Figures released from Accounts firm UHY Hacker Young shows the HMRC had doubled its spend on Private Debt Collection services in the year 2016.
HM Revenues and Customs (HMRC) forked out over £24m for Debt Collection in 2016 compared with a £12.5m spend in 2015.
In 2014 it was a mere £6m which would indicate there has been a significant use of Debt Collection Agencies from the private sector by the HMRC.
The Accountancy firm noted that the utilisation of Debt Collection Agencies was proving to be a more cost effective way of chasing unpaid taxes but was aware that it has its critics.
Some critics have cited it as being a ‘heavy handed’ and ‘aggressive’ approach to recovering outstanding taxes and is unfair when a person cannot repay the amount owing and has not had the time to deal with contact from the taxman in the first place.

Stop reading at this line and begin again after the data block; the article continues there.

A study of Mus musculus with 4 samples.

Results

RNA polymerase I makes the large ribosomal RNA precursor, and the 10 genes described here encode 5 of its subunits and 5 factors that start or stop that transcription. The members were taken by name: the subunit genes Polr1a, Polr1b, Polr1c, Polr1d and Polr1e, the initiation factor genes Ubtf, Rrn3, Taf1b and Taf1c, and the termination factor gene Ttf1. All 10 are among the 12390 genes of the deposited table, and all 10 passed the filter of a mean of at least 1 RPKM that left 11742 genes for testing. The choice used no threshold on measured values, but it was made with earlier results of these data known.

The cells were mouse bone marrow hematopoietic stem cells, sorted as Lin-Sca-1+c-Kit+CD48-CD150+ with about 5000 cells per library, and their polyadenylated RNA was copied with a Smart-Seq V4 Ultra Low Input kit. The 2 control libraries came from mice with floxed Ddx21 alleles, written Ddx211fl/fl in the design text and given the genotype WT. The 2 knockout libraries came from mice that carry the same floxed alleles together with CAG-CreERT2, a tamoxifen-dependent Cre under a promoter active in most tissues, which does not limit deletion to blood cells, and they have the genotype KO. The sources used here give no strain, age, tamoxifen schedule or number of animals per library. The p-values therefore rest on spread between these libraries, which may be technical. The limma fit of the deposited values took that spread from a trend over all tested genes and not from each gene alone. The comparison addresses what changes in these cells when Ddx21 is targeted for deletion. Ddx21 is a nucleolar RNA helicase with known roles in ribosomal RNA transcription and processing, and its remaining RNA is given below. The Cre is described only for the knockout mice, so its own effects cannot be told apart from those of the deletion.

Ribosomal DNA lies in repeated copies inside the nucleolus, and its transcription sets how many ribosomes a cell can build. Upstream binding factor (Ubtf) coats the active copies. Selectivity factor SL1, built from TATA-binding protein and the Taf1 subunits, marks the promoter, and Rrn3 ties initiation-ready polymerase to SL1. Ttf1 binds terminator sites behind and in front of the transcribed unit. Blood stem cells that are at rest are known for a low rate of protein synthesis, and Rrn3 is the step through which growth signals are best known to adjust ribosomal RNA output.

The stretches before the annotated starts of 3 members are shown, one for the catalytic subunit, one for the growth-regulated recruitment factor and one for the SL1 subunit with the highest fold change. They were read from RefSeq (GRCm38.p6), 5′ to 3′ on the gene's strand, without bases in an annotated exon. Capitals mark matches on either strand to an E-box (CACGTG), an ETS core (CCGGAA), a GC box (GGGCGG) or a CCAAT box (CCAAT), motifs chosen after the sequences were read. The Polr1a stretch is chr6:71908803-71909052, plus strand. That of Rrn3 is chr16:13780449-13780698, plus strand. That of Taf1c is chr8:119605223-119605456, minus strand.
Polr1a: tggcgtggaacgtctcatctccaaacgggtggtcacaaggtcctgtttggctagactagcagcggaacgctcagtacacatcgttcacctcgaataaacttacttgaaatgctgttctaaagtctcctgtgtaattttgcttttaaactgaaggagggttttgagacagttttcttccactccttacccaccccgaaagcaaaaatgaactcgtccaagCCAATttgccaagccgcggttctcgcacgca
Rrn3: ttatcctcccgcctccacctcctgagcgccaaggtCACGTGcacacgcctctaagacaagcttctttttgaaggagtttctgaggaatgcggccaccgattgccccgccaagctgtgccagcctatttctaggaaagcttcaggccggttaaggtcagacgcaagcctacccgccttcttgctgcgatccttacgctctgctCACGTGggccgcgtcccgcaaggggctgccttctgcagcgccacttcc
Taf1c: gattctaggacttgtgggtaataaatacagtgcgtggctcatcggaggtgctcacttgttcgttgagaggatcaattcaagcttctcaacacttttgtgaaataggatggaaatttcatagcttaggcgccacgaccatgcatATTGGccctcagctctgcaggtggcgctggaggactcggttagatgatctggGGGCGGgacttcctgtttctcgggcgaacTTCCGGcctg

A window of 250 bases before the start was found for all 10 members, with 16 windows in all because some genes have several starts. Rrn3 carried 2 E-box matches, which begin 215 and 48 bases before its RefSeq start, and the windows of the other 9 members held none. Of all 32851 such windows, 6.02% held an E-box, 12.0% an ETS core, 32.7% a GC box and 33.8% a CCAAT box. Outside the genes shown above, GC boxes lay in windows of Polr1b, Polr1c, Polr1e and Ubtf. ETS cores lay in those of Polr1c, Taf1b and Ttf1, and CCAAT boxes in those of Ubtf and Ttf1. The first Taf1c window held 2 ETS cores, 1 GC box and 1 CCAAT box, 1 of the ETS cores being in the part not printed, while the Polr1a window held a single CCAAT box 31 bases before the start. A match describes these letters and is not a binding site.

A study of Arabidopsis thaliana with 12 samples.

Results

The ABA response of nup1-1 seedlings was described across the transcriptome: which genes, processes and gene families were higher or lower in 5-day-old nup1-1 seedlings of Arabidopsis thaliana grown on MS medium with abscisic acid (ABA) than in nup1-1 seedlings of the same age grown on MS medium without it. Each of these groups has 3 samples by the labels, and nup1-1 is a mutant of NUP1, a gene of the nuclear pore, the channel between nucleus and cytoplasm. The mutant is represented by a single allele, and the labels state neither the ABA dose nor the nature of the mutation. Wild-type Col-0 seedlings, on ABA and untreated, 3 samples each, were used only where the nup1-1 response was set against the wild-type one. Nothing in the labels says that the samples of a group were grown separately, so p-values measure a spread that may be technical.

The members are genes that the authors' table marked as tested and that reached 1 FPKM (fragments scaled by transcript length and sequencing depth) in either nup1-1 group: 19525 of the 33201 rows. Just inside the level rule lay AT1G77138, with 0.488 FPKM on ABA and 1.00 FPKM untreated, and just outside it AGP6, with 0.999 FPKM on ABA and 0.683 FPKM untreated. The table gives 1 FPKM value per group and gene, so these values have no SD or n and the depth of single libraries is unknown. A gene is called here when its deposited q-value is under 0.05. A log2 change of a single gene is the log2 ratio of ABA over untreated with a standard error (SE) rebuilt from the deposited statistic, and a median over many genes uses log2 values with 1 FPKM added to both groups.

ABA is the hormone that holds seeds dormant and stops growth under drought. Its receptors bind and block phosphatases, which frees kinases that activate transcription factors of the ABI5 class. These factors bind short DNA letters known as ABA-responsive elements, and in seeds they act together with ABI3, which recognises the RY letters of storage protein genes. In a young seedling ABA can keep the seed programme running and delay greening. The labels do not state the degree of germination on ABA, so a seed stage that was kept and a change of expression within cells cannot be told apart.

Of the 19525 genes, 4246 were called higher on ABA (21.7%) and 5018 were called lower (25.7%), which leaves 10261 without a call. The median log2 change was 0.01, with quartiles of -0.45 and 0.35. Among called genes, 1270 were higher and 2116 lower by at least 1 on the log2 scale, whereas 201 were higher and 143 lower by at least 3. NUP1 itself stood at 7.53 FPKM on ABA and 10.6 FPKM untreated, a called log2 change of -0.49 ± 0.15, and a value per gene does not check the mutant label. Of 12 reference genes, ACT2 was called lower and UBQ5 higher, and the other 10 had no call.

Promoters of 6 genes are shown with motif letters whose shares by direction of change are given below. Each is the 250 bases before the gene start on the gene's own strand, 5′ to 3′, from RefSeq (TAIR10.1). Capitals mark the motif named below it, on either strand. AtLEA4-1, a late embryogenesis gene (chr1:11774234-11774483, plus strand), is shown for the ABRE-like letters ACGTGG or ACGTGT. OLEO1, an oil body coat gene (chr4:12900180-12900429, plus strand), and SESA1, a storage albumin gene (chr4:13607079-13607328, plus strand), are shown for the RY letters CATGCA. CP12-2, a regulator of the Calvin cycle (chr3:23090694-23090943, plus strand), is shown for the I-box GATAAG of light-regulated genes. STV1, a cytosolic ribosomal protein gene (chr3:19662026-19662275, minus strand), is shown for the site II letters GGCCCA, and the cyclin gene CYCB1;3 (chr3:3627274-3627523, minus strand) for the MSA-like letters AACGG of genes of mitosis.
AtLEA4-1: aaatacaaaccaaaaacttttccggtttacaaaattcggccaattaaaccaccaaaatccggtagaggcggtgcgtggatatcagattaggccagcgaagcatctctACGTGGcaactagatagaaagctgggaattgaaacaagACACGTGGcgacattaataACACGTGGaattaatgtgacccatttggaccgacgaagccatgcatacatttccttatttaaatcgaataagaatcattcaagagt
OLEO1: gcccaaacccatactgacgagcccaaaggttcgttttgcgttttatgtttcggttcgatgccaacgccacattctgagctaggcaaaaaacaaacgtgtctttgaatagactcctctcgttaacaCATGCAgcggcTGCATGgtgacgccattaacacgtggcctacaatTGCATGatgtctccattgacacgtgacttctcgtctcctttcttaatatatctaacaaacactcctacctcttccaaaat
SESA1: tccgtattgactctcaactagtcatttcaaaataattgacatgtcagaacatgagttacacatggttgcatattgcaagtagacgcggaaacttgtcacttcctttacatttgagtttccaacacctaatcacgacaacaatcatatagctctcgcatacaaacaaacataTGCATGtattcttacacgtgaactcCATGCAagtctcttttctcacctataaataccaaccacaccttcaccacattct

“HMRC is under pressure to constantly drive up tax take and collect as much as possible, but it does need to be careful to ensure that the taxpayer does not suffer as a result of efforts to do this,” commented Mark Giddens, head of private client tax at UHY Hacker Young.
“Too many debt collection cases relate to HMRC errors or concern vulnerable individuals. The use of third party agencies makes it that much more difficult to resolve issues and protect those who are simply unable to manage their tax affairs.”
A spokesperson for the HMRC said: “We use debt collection agencies operating under strict codes of conduct to pursue debt, and we expect them to uphold those codes at all times.”
The HMRC’s use of Debt Collection Agencies raised a few eyebrows when it was first announced by the Government as a way to improve the amount recovered from people owing tax.
The amount of which the tax office is spending on Private Debt Collectors is increasing which could indicate it has been viewed as a success by Senior Civil servants.